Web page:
The default "CP mix" that works for the majority of carnivorous plants is an equal mix of Sphagnum peat and coarse sand. That is easy to say but equal in what way? And do certain plants want it equal one way and others equal another way? It depends.
In North America, sphagnum peat is a commodity product and sold in bags and bales at every garden supply store and big box retailer. There are many brands and I do not think there is any difference between them as long as you make sure it is Canadian sphagnum peat and there is no fertilizer added. In the EU you want to make sure it is German sphagnum peat. Beware of buying any planting medium for carnivores from companies that specialize in fertilizer. It may not be obvious on the bag that they adulterated the peat with fertilizer or other additives such as lime. Also avoid sedge peat mined in the USA and any kind of forest humus.
Most of the sphagnum peat mined and sold is intended for garden soil improvement. For that use quality does not matter too much. Some bales you buy are full of stems and other "trash". Pick out the trash, sift it, or if there is too much trash use that bale in your garden and try to find a different brand until that lot is sold. The quality from any given brand changes from lot to lot if not bag to bag. The small expensive bags of peat moss are probably the same material only fluffed and maybe sieved. They are not worth the extra cost.
Many growers wash their peat to remove nutrients and spores to reduce problems with moss, cyanobacteria, liverworts, ferns and other organisms found naturally in peat. The trade off here is many carnivores appreciate the nutrients in the straight peat but the moss and cyanobacteria in unwashed peat can overgrow seedlings. Washing will also help to decrease the salt in peat. Some brands of peat can have levels of salt that are toxic to carnivores. Please see Rinsing Peat Moss and Sand (growsundews.com) if you are starting seeds or otherwise having problems with unwanted organisms in your soil.
For sand you want a sharp silica or quartz sand with grain sizes in the 1.5 to 2 mm range. The purpose of the sand is to is to open up the soil and help keep it from becoming too soggy. Larger grain sizes are OK but smaller ones can produce a hard compact mass that roots have difficulty penetrating.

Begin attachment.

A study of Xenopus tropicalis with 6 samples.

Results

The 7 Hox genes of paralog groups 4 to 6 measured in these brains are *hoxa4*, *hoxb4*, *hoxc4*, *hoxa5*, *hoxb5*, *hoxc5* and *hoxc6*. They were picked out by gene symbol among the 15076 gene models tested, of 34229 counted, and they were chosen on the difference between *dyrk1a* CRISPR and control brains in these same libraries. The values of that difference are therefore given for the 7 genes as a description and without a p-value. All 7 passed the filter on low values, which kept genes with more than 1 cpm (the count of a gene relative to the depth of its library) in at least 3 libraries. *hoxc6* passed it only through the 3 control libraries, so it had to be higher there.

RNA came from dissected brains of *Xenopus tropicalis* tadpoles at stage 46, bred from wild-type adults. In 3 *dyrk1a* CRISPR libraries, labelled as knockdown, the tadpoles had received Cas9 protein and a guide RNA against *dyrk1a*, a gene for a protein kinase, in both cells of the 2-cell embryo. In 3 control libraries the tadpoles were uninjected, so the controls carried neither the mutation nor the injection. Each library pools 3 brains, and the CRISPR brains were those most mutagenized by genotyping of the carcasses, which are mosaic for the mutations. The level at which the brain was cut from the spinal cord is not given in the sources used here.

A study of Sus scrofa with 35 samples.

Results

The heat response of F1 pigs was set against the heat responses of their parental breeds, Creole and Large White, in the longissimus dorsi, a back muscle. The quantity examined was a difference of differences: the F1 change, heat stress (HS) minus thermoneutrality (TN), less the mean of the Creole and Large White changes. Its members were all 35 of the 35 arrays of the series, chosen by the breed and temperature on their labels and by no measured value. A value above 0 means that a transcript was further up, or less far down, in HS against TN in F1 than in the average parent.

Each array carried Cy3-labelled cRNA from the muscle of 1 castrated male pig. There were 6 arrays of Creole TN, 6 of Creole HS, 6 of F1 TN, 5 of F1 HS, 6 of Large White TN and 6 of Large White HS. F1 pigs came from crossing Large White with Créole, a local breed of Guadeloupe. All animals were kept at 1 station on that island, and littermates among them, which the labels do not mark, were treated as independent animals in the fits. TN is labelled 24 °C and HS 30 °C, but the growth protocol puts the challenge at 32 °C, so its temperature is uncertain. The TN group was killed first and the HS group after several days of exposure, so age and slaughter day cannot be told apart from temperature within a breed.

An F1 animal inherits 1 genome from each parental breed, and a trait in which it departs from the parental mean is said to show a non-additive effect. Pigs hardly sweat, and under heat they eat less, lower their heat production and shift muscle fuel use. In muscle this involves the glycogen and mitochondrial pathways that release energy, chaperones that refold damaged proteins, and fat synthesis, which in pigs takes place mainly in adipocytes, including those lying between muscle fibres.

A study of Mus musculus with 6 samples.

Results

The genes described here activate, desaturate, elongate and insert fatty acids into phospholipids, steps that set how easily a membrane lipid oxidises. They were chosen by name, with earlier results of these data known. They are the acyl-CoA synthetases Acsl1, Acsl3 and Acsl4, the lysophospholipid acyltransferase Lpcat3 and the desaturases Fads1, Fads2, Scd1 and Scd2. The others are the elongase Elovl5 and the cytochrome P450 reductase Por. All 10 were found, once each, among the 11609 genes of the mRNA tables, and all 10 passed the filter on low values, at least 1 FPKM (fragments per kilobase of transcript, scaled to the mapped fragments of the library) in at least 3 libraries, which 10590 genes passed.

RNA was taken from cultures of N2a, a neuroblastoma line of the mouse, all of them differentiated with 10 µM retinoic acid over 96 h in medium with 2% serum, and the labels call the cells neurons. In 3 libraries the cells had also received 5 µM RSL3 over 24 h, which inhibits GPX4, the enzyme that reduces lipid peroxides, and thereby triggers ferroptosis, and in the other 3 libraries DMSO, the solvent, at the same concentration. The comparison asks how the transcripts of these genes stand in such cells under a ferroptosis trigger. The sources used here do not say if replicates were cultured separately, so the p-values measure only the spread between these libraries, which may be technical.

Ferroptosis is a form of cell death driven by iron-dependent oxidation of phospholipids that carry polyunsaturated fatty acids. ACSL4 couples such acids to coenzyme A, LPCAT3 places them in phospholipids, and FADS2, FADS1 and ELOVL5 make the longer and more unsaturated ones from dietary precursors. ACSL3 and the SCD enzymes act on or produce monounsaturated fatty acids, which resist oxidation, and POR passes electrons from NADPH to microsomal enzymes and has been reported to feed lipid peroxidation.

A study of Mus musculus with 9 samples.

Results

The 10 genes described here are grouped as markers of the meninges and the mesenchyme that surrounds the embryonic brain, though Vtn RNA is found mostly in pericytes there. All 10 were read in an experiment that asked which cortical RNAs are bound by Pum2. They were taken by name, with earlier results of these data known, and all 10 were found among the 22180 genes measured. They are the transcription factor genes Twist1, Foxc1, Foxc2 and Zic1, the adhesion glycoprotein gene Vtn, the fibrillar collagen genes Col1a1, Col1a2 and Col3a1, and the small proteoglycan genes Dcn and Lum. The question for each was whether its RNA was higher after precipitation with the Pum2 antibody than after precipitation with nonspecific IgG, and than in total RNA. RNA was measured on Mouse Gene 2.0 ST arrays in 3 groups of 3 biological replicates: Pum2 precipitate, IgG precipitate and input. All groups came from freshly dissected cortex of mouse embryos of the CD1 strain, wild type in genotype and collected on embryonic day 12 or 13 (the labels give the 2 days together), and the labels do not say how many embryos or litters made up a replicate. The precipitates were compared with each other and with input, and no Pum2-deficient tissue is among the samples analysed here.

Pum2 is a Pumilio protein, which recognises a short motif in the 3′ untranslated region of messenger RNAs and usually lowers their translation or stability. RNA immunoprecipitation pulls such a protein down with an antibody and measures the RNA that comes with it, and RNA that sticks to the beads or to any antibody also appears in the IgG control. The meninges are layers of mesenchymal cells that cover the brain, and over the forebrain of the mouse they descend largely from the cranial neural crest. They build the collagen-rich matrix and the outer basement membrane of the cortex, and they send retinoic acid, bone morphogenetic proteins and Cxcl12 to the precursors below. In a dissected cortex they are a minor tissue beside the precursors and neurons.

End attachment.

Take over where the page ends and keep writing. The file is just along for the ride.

I recommend #14 sand blasting sand but #12 and #16 are OK if you can only find them. I am not sure if "sand blasting sand" is the official name. That is what I ask for although it does not say "sand blasting sand" on the bag. What the bag says is washed and sieved (graded) sand. It is available at building materials suppliers that specialize in sand, gravel, rocks, and other hard things like pavers. Try to find a brand that is quartz sand and is not beach sand. If you can not get washed and graded sand you can sieve and wash builders or plaster sand. Do NOT use play sand, plaster sand, or builders sand straight. Pool filter sand is too fine. The fine particles will make the soil mix like concrete. You are better off not using sand at all if you can not get the right sand.
Perlite is a good alternative to sand but it has drawbacks. In some areas it is hard to find perlite that is not salty. Perlite dust is dangerous to your health causing lung problems. During manufacturing and packaging perlite is always kept damp to keep down the dust. They can spray on any old nasty water for dust control and the original source material may also have been salty. I always keep perlite damp and wash it before use. To wash the perlite I put it in a bucket with water and only use the material that floats. I also use it only for plants that will be outside and get rained on to minimize salt buildup. In the past I have gotten perlite that was deadly to the more sensitive carnivores. What I use now comes in bags bigger than a peat bale and is OK. Do not buy perlite from brands that specialize in fertilizers since they may add fertilizer.
You should always keep your planting materials damp. It is easier to measure and mix and it is safer for yourself. I mix the soil with a large kitchen scoop in a large bucket. In the past I used boiling water to rehydrate peat. Someday I might do an experiment to see if it makes a difference. Peat does absorb the boiling water quicker, presumably because of the steam.
When I say a one-to-one mix of ingredients I generally mean it looks to me like it is one-to-one when I am done mixing and ready to use it. Depending on how fluffed the peat may be it might take three scoops of peat to one scoop of sand or perlite to get a mix that looks like one-to-one. For some plants that normally grow in very wet peaty locations in nature I use a peatier mix, for others that grow in sand or gravel I use a sandier mix. Generally you do not have to duplicate exactly the natural soil conditions. Some plants actually do better in artificial soils than they do in their native soils.
-- John Brittnacher
Perlite. Some people sift it to use smaller pieces for some plants and larger pieces for others.
Peat and sand, the default mix.
#12 or 12 mesh sand blasting sand with metric ruler. The grains are about 2 mm in size. I do not recommend sand finer than #16.
The sand comes in 100 pound bags. They are heavy.